1. #1
    Member Emeritus (A.M.P.) rcarlberg's Avatar
    Join Date
    Nov 2012

    Clive Davis: The Soundtrack of our Lives

    Netflix has a new 2-hour portrait of the ultimate industry hit-maker. I've never been much of a fan of the "diva-of-the-day" music machine he represents, but it was still a fascinating look at the music biz.

    Clive has remained at the center of it for over 30 years, which is remarkable in itself with all the changes in fashion.

  2. #2
    Join Date
    Feb 2013
    Derby, Vermont
    'You got to have a single'

    Good Day and thanks for posting rcarlberg. I watched said portrait a few days ago, wanted to make a post, and this thread prompt...

    VERY interesting look at the music business indeed! I too came away reminding myself that it is for sure a 'business'. Pleasant it was to see the many snippets of Davis rather 'getting in to the music'. Davis did seem to have a keen ear for the music, backed by him and the label, that would appeal to the needed broader marketplace.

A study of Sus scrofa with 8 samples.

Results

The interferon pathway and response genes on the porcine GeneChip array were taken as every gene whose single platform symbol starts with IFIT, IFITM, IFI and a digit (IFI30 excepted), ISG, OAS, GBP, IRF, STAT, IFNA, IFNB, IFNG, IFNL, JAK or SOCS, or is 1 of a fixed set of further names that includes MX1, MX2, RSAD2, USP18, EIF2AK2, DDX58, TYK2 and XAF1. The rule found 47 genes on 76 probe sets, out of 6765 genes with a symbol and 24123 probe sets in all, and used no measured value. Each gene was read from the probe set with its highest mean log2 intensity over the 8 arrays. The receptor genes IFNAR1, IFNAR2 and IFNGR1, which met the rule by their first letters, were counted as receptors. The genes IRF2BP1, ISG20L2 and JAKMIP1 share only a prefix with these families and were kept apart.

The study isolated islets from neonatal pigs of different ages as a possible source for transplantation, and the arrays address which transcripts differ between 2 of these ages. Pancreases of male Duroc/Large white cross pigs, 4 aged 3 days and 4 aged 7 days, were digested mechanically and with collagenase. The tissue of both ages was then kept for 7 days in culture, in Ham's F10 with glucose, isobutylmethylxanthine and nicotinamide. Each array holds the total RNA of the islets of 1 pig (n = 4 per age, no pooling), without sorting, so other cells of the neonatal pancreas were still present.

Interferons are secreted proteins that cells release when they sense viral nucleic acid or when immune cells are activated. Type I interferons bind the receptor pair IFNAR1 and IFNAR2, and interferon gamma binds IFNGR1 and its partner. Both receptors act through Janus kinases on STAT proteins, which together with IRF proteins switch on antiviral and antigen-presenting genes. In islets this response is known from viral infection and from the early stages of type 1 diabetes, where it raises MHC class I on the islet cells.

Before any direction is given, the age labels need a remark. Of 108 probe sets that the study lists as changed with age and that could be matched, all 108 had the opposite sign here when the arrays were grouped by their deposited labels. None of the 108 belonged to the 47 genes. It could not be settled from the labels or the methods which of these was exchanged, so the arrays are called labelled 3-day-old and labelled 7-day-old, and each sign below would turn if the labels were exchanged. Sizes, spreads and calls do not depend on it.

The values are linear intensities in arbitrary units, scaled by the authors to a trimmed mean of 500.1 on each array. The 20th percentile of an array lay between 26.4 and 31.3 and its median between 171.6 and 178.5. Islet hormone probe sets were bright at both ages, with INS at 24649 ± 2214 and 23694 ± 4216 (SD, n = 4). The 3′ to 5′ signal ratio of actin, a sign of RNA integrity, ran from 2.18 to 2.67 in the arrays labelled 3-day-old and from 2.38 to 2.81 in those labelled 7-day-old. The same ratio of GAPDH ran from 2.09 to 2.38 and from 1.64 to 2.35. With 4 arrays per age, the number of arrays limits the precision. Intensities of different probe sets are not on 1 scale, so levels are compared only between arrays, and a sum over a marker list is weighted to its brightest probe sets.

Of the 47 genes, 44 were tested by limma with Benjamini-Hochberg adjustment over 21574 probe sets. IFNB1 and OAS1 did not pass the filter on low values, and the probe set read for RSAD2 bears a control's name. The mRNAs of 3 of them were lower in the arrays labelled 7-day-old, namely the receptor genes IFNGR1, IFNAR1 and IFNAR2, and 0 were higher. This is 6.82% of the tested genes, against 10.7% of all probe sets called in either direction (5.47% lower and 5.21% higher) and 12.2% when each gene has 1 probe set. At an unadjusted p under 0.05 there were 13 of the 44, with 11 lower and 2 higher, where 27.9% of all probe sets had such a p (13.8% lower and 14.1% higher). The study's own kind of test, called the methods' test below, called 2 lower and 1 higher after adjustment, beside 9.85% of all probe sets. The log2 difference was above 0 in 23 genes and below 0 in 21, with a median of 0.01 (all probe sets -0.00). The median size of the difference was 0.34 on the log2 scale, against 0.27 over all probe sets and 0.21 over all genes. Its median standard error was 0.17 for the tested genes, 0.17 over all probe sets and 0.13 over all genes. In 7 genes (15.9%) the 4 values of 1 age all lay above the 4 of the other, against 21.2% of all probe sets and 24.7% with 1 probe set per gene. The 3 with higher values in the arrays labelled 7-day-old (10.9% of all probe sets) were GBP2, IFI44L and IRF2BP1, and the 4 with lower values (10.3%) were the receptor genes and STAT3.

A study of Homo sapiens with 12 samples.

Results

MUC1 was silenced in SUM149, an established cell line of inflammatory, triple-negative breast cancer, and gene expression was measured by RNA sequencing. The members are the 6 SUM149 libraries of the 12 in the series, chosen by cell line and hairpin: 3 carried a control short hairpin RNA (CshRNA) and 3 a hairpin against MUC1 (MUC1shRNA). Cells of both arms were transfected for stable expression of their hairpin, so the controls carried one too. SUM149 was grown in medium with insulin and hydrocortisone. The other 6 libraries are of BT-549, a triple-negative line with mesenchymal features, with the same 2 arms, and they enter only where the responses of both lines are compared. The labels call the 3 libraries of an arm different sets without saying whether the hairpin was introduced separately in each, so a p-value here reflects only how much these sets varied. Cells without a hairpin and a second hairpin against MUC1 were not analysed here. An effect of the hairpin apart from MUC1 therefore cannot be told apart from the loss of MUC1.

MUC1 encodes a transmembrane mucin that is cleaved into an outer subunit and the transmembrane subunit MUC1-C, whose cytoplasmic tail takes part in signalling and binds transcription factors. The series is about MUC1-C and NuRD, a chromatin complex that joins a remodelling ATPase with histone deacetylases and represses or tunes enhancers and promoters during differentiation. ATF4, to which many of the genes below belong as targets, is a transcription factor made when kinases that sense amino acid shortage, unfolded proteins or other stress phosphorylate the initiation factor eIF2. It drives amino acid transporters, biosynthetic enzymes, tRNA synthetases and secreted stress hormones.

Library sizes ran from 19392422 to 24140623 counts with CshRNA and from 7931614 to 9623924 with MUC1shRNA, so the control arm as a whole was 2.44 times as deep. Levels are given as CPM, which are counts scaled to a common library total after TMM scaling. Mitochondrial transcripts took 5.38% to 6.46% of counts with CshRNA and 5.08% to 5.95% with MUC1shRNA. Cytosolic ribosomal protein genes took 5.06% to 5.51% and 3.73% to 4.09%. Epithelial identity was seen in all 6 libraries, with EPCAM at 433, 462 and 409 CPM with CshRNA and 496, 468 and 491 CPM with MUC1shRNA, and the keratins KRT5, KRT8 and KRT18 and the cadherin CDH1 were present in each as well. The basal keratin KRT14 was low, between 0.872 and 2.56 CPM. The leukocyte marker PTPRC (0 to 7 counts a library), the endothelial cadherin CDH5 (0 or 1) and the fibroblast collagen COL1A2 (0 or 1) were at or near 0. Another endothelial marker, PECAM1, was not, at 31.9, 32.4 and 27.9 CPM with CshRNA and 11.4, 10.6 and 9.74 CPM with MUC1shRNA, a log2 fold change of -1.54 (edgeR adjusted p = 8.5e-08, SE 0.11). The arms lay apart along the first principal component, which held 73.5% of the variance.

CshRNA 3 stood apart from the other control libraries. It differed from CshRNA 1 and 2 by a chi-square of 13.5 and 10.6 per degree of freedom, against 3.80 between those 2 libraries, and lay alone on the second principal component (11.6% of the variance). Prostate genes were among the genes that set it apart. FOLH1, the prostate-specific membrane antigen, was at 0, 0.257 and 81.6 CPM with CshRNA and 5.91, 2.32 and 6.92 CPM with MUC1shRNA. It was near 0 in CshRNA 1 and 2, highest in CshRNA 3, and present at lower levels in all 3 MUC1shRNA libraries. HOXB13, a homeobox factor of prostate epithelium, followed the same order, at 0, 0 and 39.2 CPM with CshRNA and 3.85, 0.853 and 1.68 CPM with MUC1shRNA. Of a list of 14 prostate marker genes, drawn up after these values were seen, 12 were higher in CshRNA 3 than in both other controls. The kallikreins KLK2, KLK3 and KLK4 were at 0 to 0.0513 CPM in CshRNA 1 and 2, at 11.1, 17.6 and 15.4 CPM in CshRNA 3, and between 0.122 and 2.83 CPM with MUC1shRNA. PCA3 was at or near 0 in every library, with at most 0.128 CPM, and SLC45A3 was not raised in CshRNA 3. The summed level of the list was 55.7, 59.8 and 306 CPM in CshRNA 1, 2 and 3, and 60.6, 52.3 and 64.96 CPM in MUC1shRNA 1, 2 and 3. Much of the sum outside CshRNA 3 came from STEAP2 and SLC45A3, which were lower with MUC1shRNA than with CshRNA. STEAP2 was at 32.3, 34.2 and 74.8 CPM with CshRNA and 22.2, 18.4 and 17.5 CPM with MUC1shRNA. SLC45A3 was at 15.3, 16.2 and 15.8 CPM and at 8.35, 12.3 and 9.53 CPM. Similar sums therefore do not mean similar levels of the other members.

Worth a couple of viewing hours for sure

    Carry On
    Chris Buckley

  3. #3
    Join Date
    Nov 2012
    Kalamazoo Michigan
    I read Clive's book a while back and found it very interesting. I am not a huge fan of a lot of the artists he promoted, but he certainly had an interesting life and did back some bands / artists who were very talented. I have not seen the Netflix doc yet, but it is on my list to check out.

  4. #4
    I still find it hilarious that he bent over backwards trying to get a top 10 hit out of the Grateful Dead in the late 70's, having them work with all kinds of unsuitable producers (well, two of them: Keith Olsen and Gary Lyons, Lowell George might have been a good, sympathetic producer if a. he hadn't had his face buried a Mt. Everest sized pile of cocaine for most of the sessions when he was present and b. hadn't had to leave partway through to go on tour with Little Feat) and then when the hit finally does come, it's off a record they did where they had a negotiated a "hands off" deal with Clive. But then, who knows? Maybe if MTV had existed in 1977, that horrendous disco version of Dancin' In The Streets or Feel Like A Stranger might have been the hit Clive had been looking for.